China‘s industrial energy demand in 2020 may decline by as much as 73 billion kilowatt-hours (kWh), according to research firm IHS Markit, as the outbreak of the new coronavirus has curtailed factory output and prevented some workers from returning to their jobs.
The cut represents about 1.5 percent of industrial power consumption in China. But, as the country is the world’s biggest electricity consumer, the loss is equal to the power used in the whole of Chile and it illustrates the scope of the disruption caused by the outbreak.
The reduction is the energy equivalent of about 30 million tonnes of thermal coal or about nine million tonnes of liquefied natural gas (LNG), IHS said. The coal figure is more than China’s average monthly imports last year while the LNG figure is a little more than one month of imports, based on customs data.
China has tried to curtail the spread of the coronavirus that has killed more than 1,400 and infected more than 60,000 by extending the Lunar New Year holiday for an extra week and encouraging people to work from home.
Last year, industrial users consumed 4.85 trillion kWh electricity, accounting for 67 percent of the country’s total.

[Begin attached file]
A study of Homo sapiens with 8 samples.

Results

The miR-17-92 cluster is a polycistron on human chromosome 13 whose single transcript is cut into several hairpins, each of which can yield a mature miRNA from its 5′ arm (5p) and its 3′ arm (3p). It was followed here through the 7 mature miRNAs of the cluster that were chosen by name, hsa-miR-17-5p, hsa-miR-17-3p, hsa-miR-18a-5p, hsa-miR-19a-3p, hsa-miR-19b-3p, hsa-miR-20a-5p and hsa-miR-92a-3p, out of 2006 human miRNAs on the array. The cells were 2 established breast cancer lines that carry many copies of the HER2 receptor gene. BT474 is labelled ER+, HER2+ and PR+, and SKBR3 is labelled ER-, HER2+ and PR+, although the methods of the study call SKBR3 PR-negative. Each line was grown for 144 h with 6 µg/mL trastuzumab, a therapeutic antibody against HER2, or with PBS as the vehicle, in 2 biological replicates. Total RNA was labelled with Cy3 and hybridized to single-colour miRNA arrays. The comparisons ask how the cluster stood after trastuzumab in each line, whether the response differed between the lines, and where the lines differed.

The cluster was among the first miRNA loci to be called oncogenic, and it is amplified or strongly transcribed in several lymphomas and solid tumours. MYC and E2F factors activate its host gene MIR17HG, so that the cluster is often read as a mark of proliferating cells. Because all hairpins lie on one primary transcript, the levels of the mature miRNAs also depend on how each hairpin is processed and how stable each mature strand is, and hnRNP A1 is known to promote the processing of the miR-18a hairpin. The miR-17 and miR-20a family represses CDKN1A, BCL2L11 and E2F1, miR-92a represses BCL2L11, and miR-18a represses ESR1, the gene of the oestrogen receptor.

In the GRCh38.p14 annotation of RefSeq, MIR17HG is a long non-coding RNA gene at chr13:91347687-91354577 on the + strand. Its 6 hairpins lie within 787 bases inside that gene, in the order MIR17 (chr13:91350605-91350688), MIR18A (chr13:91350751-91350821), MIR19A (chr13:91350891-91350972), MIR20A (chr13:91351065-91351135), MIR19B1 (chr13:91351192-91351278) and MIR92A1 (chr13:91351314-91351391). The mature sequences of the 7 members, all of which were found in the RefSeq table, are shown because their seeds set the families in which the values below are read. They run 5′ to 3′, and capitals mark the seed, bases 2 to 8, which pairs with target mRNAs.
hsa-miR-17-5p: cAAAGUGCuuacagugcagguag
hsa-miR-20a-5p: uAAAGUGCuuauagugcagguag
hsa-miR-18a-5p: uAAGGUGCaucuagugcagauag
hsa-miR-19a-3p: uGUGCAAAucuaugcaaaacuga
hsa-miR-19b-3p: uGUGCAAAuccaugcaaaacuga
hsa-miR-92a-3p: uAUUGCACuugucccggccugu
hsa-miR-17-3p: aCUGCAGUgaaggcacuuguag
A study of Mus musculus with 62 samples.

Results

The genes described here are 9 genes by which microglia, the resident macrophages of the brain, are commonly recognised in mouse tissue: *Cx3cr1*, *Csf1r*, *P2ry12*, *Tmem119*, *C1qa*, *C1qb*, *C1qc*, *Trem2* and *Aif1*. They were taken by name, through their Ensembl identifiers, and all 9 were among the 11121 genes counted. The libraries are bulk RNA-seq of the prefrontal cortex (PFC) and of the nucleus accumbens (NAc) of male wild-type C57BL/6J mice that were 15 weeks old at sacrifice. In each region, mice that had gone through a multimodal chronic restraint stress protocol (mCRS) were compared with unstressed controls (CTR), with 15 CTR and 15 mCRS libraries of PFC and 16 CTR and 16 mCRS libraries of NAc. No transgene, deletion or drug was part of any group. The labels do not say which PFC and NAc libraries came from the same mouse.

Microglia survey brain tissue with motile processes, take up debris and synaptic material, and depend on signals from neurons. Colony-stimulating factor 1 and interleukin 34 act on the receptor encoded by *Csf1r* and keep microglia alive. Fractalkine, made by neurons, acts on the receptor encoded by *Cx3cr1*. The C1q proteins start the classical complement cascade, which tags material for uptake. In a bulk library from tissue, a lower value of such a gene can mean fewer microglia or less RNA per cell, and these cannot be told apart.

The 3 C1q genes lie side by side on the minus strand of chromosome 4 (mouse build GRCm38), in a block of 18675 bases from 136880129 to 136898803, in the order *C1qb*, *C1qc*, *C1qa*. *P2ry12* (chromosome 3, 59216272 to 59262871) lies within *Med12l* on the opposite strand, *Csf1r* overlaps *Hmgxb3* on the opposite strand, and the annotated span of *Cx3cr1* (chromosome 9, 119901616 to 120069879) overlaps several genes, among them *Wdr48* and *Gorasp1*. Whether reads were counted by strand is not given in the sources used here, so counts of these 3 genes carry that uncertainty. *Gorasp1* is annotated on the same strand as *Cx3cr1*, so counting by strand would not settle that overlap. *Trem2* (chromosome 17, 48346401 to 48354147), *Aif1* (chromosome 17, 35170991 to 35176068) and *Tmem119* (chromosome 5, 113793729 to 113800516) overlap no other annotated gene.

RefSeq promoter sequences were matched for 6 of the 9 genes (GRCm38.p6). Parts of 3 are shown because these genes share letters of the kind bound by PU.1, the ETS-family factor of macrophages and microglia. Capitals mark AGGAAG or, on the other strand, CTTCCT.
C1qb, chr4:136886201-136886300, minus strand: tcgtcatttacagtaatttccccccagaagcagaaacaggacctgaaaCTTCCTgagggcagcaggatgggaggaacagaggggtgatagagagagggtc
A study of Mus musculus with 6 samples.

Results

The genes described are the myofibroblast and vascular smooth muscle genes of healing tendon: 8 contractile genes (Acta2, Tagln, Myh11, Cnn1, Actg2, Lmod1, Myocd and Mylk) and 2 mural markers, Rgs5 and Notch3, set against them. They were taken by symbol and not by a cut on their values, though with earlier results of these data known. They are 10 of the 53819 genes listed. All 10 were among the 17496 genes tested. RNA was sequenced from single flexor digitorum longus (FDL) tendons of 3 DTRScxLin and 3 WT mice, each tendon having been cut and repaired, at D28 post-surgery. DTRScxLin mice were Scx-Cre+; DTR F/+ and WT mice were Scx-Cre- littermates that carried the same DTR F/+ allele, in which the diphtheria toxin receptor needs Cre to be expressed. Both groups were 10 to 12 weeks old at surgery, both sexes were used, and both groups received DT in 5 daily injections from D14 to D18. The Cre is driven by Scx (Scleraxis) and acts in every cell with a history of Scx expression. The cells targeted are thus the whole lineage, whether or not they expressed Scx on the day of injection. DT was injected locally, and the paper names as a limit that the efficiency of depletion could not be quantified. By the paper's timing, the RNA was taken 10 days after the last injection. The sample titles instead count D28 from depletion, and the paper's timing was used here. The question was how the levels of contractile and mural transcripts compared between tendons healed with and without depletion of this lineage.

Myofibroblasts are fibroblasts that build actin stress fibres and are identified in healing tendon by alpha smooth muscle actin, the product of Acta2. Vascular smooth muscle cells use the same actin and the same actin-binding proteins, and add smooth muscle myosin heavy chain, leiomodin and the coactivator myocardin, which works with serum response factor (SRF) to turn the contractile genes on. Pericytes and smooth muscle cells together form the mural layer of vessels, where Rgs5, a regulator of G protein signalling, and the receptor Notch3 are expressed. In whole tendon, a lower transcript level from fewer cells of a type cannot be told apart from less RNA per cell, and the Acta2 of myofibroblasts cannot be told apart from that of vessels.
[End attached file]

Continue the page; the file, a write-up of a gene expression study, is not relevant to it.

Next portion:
Xizhou Zhou, the global head of power and renewables at IHS, said if the epidemic persists beyond March, China’s economic growth rate could drop to 4.2 percent during 2020, down from the company’s initial forecast of 5.8 percent, while power consumption will climb by only 3.1 percent, down from an initial projection of 4.1 percent.
“The main uncertainty is still how fast the virus will be brought under control,” said Zhou, adding that the effects on the power sector will be relatively modest over the whole of 2020.
In Hubei province, the epicentre of the virus outbreak, the peak power load – a measure of electricity usage – at the end of January was 21 percent less than planned, data from energy consultancy firm Wood Mackenzie showed.
Industrial operating rates point to a substantial reduction in power consumption in China.
Plastic processors are operating at between 30 percent and 60 percent of their full potential, and the low levels are expected to last for another two weeks, according to ICIS China, another research firm.
Weaving machines at textile plants are operating at below 10 percent of capacity, the lowest in five years, ICIS data showed. China is the world’s biggest textile and garment exporter.